Primary Care

Spays and Neuters

Unless you plan to breed your pet, we generally recommend having them spayed/neutered in a timely manner. This can help avoid problems such as mammary cancer, uterine infections, unwanted pregnancy, prostate enlargement, aggression, and roaming. If you plan to breed your pet, please visit our Reproductive page to learn more about how we can help make this a safe and positive process. We promote responsible breeding practices, and want to make sure that the mother dog/cat as well as her puppies/kittens receives the best of care. Click here to fill out our Anesthesia/Surgery consent form before coming in for your pet's procedure.

Whether we are performing a spay/neuter or more complex surgeries Anderson's Corner Animal Hospital always operates with your pet's safety in mind. That is why we always use the "A.C.A.H 11 Steps for Safe Anesthesia"

1. Physical Examination & History - We have to make sure that every patient is healthy enough to handle anesthesia. If an underlying problem is noted during the exam and/or history, we can then decide whether surgery is still an option, and what needs to be addressed to minimize the risk.

2. Breed Specific Predispositions - Some breeds are prone to certain diseases and adverse reactions to specific drugs. We therefore individualize their anesthetic protocol to make it as safe as possible.

3. Pre-Anesthetic Blood Panel - This allows us to evaluate organ function and detect early problems that may not be apparent on physical examination. Adjustments with anesthesia and medication protocols can be used to minimize the risk of anesthesia if a problem is noted.

4. Modern Anesthetic Drugs - These are used for premedication, induction, gas maintenance, and the postoperative time frame. We utilize many of the same drugs used in human hospitals. For example, local anesthesia such as epidurals and bupivacaine, induction agents such as propofol, and systemic pain management drugs such as oxymorphone and buprenorphine are used on a daily basis.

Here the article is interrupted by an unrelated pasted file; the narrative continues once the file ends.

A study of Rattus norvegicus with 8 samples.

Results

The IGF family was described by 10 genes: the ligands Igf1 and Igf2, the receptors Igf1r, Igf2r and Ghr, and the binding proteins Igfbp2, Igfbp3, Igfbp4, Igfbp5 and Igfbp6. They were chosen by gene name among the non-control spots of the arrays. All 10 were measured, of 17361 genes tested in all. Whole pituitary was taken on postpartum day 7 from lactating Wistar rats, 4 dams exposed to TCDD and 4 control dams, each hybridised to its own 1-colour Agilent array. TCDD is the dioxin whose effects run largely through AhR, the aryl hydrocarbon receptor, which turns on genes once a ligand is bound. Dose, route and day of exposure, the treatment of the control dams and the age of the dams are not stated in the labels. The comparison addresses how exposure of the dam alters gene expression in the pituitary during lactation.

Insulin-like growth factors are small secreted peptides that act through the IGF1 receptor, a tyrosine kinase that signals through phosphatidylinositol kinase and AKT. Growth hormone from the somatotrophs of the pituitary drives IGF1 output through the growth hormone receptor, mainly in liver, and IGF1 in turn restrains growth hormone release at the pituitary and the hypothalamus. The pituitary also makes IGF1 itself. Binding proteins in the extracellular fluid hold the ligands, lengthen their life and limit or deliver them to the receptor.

5. Sterilization - After the appropriate clipping and scrubbing of the surgical site in the treatment room, we also perform a second 'sterile' room scrub after transport into the operation room.

6. Surgical Scrub Room - We have our own separate surgical prep room that allows the veterinarians and technicians to scrub and gown up in an extremely clean environment. This is where gowns, gloves, masks, and shoe covers are put on. Only then do we enter the operating room. All of the sterilization of instruments also occurs in this room.

7. Operation Room - Our spacious operating room is thoroughly cleaned between surgeries, has modern surgical lighting, and positive-out ventilation to minimize air contamination.

8. Technician Monitoring - This is the most vital part of the entire anesthetic process. Anesthetic depth, pulse quality, heart rate, pain control, temperature, etc. are evaluated and recorded. Any problems or concerning trends are addressed immediately.

9. IV Fluids and Additives – Every major surgery receives an IV catheter and fluids during the procedure. This allows maintenance of blood pressure and tissue perfusion during long periods of anesthesia.

10. Advanced Monitoring Equipment - We have some of the most modern anesthetic monitoring equipment for your pet while they are under anesthesia.

11. Postoperative Care -  Most anesthetic complications occur after the surgery is over. This is why we have treatment sheets and monitor your pet's vital signs closely during the recovery process. Many surgical procedures require overnight monitoring and hospitalization to ensure appropriate recovery before discharge.